Today I’ll be looking at the five least egregious changes from the source material in The Hobbit 2: Legolas Boogaloo:
Last year, I covered, in pedantic detail, the five things that annoyed me the most about the first Hobbit movie. This year, in an attempt to be more positive, I decided to cover the 5 changes from the book that I thought worked the best. Sadly, between giving Mirkwood the hairy Hobbit shaft, the 90 minute Legolas barrel jumping fight, and whatever the fuck that last part was with the rivers of molten gold, it was pretty tough to come up with a full list of five.
I thought about including Lee Pace’s deliciously scenery chewing portray of a hilariously douchetastic Thranduil on this list, but the more I thought about it, that wasn’t really a change from the book. So, for better or worse, here are the five bright spots that I, after much thought, managed to come up with in what was otherwise a suspension of disbelief shattering turd of a film:
5. Smaug’s loose scale.
In the book Bilbo realizes that Smaug’s entire belly is coated in diamonds and is thus impenetrable, EXCEPT, for a patch that happens to be right over his heart. That always struck me as pretty improbable. Mostly that Smaug would manage to get only diamonds stuck in his stomach (and how would they even stick there), but also that there was a convenient patch missing right over his heart. The movie did a good job of fixing this by making it just a loose scale and even working in some kind of dragon slaying ballista device backstory from the original assault on Dale.
See? I’m a reasonable man! If you want to change the black arrow to an arrow of unusual size, more power to you! If you want to retcon Azog’s death only to bring Bolg into play for the second movie thus proving that you shat on the rich history of Middle-earth for no discernible narrative reason, that, as they say, is an orc too far.
4. The last light of Durin’s Day.
In the book even though Thror’s map specifically said “the setting sun with the last light of Durin’s Day will shine upon the keyhole,” no one bothered to figure out when Durin’s Day would happen. So when they get to the mountain, the sun shines on the keyhole (after almost not shining) and they are all like “oh, well I guess it was Durin’s Day, let’s go in.”
The movie at least had them know when Durin’s Day was, which did a good job of raising the stakes for getting their journey over quickly (good thing they crossed Mirkwood in a fucking day…but I digress) and then even had a nice fake-out with the last light actually being from the moon (which even made thematic sense since Durin’s day was a day when the sun and moon were seen in the sky together)!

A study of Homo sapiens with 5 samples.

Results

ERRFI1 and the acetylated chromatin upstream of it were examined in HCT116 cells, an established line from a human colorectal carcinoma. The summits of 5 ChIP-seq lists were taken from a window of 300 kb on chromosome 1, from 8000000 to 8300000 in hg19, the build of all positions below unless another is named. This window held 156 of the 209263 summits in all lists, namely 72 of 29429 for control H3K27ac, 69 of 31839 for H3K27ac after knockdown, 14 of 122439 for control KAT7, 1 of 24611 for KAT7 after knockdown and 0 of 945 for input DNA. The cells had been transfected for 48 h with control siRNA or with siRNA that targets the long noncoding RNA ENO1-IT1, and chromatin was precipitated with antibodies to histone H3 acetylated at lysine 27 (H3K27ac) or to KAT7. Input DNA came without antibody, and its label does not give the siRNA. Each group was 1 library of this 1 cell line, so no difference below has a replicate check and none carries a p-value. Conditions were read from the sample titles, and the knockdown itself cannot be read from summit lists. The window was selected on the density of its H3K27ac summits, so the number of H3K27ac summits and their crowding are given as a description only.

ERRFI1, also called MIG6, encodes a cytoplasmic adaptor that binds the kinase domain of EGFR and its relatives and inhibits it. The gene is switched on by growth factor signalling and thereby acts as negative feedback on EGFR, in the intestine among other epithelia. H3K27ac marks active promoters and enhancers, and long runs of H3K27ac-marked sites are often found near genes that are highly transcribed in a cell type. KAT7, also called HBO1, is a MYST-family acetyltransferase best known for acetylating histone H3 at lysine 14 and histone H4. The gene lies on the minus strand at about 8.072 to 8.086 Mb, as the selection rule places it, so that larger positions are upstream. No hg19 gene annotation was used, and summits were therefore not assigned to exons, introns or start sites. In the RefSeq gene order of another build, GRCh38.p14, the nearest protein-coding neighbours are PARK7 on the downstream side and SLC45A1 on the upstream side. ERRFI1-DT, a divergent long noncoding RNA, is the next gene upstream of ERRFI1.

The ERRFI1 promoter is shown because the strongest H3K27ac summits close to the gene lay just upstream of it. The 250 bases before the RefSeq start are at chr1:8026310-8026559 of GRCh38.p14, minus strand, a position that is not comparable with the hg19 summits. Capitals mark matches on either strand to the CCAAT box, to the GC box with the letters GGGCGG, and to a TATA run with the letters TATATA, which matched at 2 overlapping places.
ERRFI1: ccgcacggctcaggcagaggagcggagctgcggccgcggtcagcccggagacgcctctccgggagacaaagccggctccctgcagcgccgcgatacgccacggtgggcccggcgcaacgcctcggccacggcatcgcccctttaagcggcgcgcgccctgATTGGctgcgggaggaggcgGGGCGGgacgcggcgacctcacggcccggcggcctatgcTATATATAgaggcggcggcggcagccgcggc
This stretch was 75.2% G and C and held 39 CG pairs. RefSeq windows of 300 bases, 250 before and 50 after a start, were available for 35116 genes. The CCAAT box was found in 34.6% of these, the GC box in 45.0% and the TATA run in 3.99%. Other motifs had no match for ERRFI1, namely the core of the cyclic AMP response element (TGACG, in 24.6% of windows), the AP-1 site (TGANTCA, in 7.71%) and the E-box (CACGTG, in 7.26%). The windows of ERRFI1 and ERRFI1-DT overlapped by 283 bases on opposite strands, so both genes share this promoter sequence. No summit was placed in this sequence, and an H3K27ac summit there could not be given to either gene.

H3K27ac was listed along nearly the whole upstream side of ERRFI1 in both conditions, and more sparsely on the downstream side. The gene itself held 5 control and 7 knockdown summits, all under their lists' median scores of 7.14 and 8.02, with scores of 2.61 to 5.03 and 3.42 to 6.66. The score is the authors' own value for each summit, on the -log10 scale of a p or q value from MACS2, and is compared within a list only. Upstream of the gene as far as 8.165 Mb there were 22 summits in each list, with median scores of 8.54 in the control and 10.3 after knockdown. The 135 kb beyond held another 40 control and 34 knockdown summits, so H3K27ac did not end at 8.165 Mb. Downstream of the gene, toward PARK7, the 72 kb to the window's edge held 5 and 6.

3. The psychedelic light show battle between Gandalf and Sauron.
To start with, Gandalf most likely never actually fought Sauron one on one in the book. And, ignoring the jacked up timeline (in the book Gandalf found out it was Sauron when he recovered Thror’s map and key from Thrain II in the dungeons of Dol Guldor well before the Quest to Erebor), at some point Gandalf DID enter Dol Guldor alone, and did confirm it was Sauron and not a mere “necromancer.”
With this in mind, I don’ think it is too much of a stretch to imagine that Gandalf might have actually encountered Sauron and maybe even wizard dueled him a bit. Even ending up captured and hung in a cage isn’t so bad (if you accept the timeline changes), no one really knows how the wizard attack on Dol Guldor went down, fudging the facts is fine in this case (especially since the timeline damage was already done last movie). Besides, that laser light show fight? Kind of cool.
2. Lake-town was a shitty shitty place.
While the Lake-town of the book wasn’t exactly the jewel of the North, it was still described as a fairly ok place to live in. In the movie it was a cold wet pit of squalor and hunger ruled by a real piece of shit (though the Master of the book wasn’t all that great a guy either I guess).
And you know what? It really worked. I’m sure the wine trade with Dorwinion was quite lucrative, but with Erebor and Dale gone, and the forest road fallen into disuse (coupled with a corrupt Master), it would make sense that Lake-town had fallen on hard times. It did a lot to flesh out Middle-earth beyond “generic fantasy setting full of nice helpful towns.”
1. The One Ring lets you hear spiders talking.
This might seem like a minor thing, but I really appreciated them working in a really clever way to show the spiders talking and yet still make it believable. That was always a problem with The Hobbit: too many talking animals! But The Desolation of Smaug managed to include some talking spiders, and make it work!
It was a simple thing, but whoever first had the idea “what if Bilbo could hear what the spiders were saying only when he wore the ring?” should pat themselves on the back. And then punch themselves in the nuts for taking part in the rest of the movie.